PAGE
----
Michael Dunn Sentenced in Florida
A few days ago, a judge in Jacksonville, Florida sentenced Michael Dunn.
Dunn, you will recall, was the Florida man who outside a gas station was incensed and offended by the music several teens were playing in their car. So, Dunn, age 47, got a gun from his car and started shooting into the teens’ car, killing 17-year-old Jordan Davis.
A stupid man making a stupid decision, perhaps.
But the story got national coverage because Dunn was white and Davis was black. And Florida is a “stand your ground” state – if you feel threatened you can use force or a weapon to counteract that threat.
The Jacksonville prosecutor charged Dunn with murder, attempted murder, and firing shots into an automobile. The defense argued self-defense in the trial and said that Michael Dunn perceived a threat, perhaps, because he thought the teenagers were armed (they weren’t).
After one trial that ended in a hung jury, the second trial resulted in a guilty verdict. On October 17, 2014, Judge Russell Healey sentenced Michael Dunn to life in prison without the possibility of parole. But in his sentencing statement, Judge Healey made some things that are worth commenting on.
“This case demonstrates that this society has lost its moral compass,” he said. “You hear people talk in the debate about the right to stand your ground. There seems to be a misunderstanding among the general public about that term. Self-defense and justifiable homicide are completed legal concepts. ..We should remember that there’s nothing wrong with retreating or de-escalating a situation.”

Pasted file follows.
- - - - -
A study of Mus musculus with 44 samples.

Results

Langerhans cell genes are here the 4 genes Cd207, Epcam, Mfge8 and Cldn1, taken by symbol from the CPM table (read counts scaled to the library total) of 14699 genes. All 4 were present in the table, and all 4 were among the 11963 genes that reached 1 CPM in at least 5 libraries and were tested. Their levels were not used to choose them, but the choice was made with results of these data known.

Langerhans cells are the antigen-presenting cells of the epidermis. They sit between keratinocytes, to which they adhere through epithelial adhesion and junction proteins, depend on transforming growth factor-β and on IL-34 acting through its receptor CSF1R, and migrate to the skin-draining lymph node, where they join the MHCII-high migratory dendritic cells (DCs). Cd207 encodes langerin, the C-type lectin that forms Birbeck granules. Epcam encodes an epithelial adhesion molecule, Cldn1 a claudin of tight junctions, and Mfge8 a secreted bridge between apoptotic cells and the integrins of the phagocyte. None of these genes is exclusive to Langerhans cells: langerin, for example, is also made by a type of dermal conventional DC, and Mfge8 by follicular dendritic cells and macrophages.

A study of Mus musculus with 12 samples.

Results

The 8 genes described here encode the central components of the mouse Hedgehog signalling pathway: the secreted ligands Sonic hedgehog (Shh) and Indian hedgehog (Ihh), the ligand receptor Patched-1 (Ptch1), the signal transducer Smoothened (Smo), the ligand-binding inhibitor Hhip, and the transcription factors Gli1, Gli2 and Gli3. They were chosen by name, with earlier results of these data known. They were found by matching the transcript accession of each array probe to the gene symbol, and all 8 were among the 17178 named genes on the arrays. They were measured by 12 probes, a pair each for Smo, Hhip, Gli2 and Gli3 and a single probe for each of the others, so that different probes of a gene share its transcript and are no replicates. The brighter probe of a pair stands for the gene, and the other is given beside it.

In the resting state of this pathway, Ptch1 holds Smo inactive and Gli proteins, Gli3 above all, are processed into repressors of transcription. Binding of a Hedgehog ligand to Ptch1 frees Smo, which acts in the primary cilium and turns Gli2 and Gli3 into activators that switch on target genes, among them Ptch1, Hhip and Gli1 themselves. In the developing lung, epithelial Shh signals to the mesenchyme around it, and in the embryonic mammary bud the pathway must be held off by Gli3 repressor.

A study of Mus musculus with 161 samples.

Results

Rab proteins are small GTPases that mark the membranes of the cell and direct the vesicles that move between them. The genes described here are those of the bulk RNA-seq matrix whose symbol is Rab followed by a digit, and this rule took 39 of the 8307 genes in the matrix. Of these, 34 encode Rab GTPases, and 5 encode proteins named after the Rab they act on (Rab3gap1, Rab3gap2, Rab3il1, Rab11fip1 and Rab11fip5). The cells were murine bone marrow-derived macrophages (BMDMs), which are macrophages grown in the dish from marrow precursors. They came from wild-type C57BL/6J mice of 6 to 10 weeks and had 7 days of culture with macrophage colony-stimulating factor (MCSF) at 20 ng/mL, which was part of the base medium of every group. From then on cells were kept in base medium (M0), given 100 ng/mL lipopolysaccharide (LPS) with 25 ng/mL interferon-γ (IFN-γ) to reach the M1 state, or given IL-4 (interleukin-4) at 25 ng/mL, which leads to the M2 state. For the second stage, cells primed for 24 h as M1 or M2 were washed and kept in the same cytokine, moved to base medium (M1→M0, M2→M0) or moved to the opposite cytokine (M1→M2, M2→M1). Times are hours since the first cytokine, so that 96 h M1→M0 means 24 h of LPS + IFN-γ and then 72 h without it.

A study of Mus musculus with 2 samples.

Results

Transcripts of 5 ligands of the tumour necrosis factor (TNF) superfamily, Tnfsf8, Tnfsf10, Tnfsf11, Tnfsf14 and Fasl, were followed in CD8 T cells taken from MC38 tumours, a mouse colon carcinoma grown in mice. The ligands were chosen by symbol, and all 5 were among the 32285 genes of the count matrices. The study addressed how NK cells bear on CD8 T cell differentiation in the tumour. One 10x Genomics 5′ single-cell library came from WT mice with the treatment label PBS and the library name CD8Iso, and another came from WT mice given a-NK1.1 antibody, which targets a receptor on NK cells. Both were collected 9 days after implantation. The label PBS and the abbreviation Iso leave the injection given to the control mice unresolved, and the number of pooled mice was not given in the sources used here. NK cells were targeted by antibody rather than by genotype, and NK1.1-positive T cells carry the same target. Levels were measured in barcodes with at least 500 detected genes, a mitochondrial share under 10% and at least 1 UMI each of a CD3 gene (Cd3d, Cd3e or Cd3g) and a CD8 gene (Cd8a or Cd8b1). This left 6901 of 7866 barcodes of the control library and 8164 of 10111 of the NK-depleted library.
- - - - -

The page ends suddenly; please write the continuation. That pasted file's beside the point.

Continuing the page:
In listening to Judge Healy’s statement, I mentally applauded what he was saying. The major shootings of the last few years – George Zimmerman of Trayvon Martin and Officer Darren Wilson of Michael Brown, two that come readily to mind – all could have been avoided by someone backing down or walking away.
I couldn’t help thinking about the line from the 1946 movie “The Big Sleep” in which Humphrey Bogart as Sam Spade says “You’re the second person I met today who thinks a gat in the hand means the world by the tail.”
I suppose that’s what it’s like for people who carry a gun in a stand your ground state – if I have a gun then will be safe and secure when I’m threatened.
Since when does carrying a weapon guarantee your safety? Every soldier in every war these days has plenty of fire power, but do they really feel safe? And are they are protected from harm? Obviously not.
Who are the people who get a gun permit in order to feel safe? From what? What is the imminent danger that stalks them every day? It’s likely to be more psychological than actual physical danger. It presupposes a world view that life is full of dangers and as an ordinary citizen you have to arm yourself in order to be prepared to deal with all the dangers around you. Who knows when you might be threatened by someone’s music that threatens your comfort?
But then there are the rest of us who have spent our lives learning to brush aside those things that threaten us. Or we have learned to deal with bullies and hot heads with soft words, self-deprecatory humor, and, I shudder to even mention this, walking away.